Fire season officially starts the week of the Fourth

The start of summer is met with the dry, hot conditions that mark the beginning of fire season in the northwest. And with the Fourth of July holiday just around the corner, state fire agencies are asking Oregonians to keep safety in mind when putting sparks on display.

The Oregon Department of Forestry set the official start to fire season on July 2 for the western part of the state.

While that imposes extra regulations for industrial operations working on forest lands, it also means safety should be at the forefront of any outdoor adventure.

"With the current and predicted weather, summer is finally here," said Ted Erdmann with the West Oregon District. "We want to get out in front of the situation, since fire danger is increasing."

The rain that followed Summer's official start might have delayed the dry conditions, but forestry officials say fire danger will rise with the temperatures as the Fourth of July approaches.

Officials from Douglas County FD remind people that keeping fireworks legal and safe are the keys to prevent injuries and sparking a fire.

Fireworks pose a huge threat to starting wildfires, and for that reason possessing fireworks on national forest lands is illegal. The punishment for having fireworks in the national forests of Oregon and Washington can be as high as a $5,000 fine and up to 6 months in jail.

Fire danger isn't just reserved for the fireworks over the Independence Day holiday weekend. As temperatures remain in the mid-to-low 90's through the Fourth of July week people out enjoying the sunshine should mindful of other common causes of fires such as having barbecues or campfires, driving off-road vehicles, using gas-powered lawn equipment and discarding lit cigarettes.

Fire prevention tips

  • Dispose of cigarettes properly in non-combustible ashtrays or extinguish them in water or sand. In Oregon, cigarettes start one in ten fires statewide.

  • When using barbecue grills, maintain clearance from combustible decks, fences, and vegetation. Allow ashes to completely cool and then dispose of them in metal containers. Barbecue ashes can maintain ignition temperatures for many hours, even if the surface is cool to touch.

  • Avoid using welding, grinding, or mowing equipment near dry weeds and grass.

  • Avoid parking vehicles in dry, weedy areas. The temperature of vehicle exhaust components can easily ignite dry grass and weeds.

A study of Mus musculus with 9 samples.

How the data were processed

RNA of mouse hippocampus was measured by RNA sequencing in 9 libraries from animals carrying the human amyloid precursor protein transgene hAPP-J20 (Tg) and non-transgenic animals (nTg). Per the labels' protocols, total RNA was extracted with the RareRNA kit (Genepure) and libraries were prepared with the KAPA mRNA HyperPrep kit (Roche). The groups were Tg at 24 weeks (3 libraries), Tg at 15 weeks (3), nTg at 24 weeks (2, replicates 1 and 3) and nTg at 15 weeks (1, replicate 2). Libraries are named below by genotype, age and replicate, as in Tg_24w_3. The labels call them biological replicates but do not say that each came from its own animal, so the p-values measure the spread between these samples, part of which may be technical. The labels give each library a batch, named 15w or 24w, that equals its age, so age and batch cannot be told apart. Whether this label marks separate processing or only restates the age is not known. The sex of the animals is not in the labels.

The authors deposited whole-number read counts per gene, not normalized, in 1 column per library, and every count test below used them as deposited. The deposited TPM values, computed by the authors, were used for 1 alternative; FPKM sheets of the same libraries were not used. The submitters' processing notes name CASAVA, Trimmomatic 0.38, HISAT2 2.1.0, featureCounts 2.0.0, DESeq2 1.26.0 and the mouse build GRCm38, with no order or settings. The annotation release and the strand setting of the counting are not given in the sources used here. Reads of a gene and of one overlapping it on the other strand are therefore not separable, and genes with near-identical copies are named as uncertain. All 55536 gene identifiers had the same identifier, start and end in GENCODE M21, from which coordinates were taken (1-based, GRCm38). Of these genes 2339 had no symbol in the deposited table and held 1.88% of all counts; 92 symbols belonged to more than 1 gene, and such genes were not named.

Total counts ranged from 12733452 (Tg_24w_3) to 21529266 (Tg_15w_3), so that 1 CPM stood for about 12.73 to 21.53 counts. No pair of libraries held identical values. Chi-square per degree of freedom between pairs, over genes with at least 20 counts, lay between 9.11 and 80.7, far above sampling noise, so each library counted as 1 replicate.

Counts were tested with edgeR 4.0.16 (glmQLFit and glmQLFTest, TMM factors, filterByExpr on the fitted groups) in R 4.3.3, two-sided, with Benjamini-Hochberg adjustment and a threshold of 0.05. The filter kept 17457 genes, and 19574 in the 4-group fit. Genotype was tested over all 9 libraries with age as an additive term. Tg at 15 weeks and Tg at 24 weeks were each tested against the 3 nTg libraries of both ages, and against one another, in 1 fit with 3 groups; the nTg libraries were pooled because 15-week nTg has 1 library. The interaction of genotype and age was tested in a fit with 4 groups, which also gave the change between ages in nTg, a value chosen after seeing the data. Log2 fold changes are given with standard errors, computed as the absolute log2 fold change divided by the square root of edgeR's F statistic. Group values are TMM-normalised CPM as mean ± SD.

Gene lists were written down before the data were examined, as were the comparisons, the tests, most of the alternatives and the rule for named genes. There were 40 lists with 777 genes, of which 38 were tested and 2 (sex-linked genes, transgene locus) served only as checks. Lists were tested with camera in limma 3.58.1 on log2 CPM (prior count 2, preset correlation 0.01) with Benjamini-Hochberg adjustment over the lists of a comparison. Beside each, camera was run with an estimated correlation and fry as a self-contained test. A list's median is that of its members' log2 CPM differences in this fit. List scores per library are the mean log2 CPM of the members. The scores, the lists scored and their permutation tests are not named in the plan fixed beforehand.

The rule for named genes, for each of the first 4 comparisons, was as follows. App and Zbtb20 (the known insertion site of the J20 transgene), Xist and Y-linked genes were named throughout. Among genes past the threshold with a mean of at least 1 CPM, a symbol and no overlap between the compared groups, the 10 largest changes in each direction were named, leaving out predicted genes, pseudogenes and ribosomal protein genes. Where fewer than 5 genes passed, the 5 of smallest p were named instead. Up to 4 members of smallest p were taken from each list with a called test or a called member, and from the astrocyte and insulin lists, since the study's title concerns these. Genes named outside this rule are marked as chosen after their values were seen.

• Don't overload electrical outlets with portable fans, air conditioners, or extension cords.

  • Keep a fire extinguisher, water hose, or bucket handy in the event a fire occurs.

  • Observe no-burn regulations.

  • Use only legal fireworks and maintain safe distances from combustibles. Follow the "4-B's" of fireworks safety (Be Prepared, Be Responsible, Be Safe, Be Aware).

More Fire Season News | Current Weather Forecast | More safety tips from ODF

Keep It Legal

Oregon law prohibits fireworks that fly, explode, or move across the ground more than 6 feet. Fireworks purchased by mail order, in other states or on Native American reservations may be illegal in Oregon. This includes popular items such as bottle rockets, roman candles, firecrackers, and M-80s. To keep it legal, purchase all fireworks at a licensed Oregon fireworks stand.

Under Oregon law, law enforcement and fire officials can seize illegal fireworks and you can be fined up to $500 per violation and/or arrested. It is also important to remember that you can be held liable for damages resulting from improper use of any fireworks - legal or illegal. Oregon law also holds parents liable for damage caused by their children and allows fire agencies to charge for the cost of suppressing fires caused by fireworks. It is also illegal to use or even possess any fireworks on state and federal land. Those caught with fireworks on federal land could face up to six months in prison, a $500 fine, or both.

Keep It Safe

Mishandling fireworks ultimately leads to burn injuries. Treat all fireworks with care. Even items considered safe pose safety risks. Sparklers, for example, can reach temperatures up to 1800 degrees Fahrenheit and can cause serious burns if not handled properly. Please follow these simple steps when using fireworks.

Only adults should light or handle fireworks.

Never give fireworks to children.

Store fireworks, matches and lighters out of the reach of children.

Supervise children at all times when fireworks are being used.

Use fireworks outdoors on a paved surface, away from buildings, vehicles and vegetation.

Never point or throw fireworks at people, pets, or buildings.

Never pick up or try to re-light a "dud".

Never alter fireworks or make your own. Homemade explosives can be deadly.

Have a hose or bucket with water readily available to douse misfired and spent fireworks, and to extinguish potential fires.

Allow spent fireworks to cool by letting them soak inside a bucket with water before disposing of them.

Leave Fireworks to the Professionals

Restrictions of fireworks are for a good cause. No matter how small or large fireworks may be, they are a potential fire starter. But it is still possible to celebrate and enjoy the holiday. Families can consult the newspaper or local activity calendar and attend one of several approved, licensed fireworks displays around Douglas County.

Reporting Emergencies

Individuals concerned about neighbors using fireworks are reminded that Fourth of July festivities result in an increase in activity for all public safety agencies. Because resources are limited, priority must be given to truly hazardous situations. Individuals with a fire or medical emergency should call 9-1-1; other situations should be reported via the non-emergency number.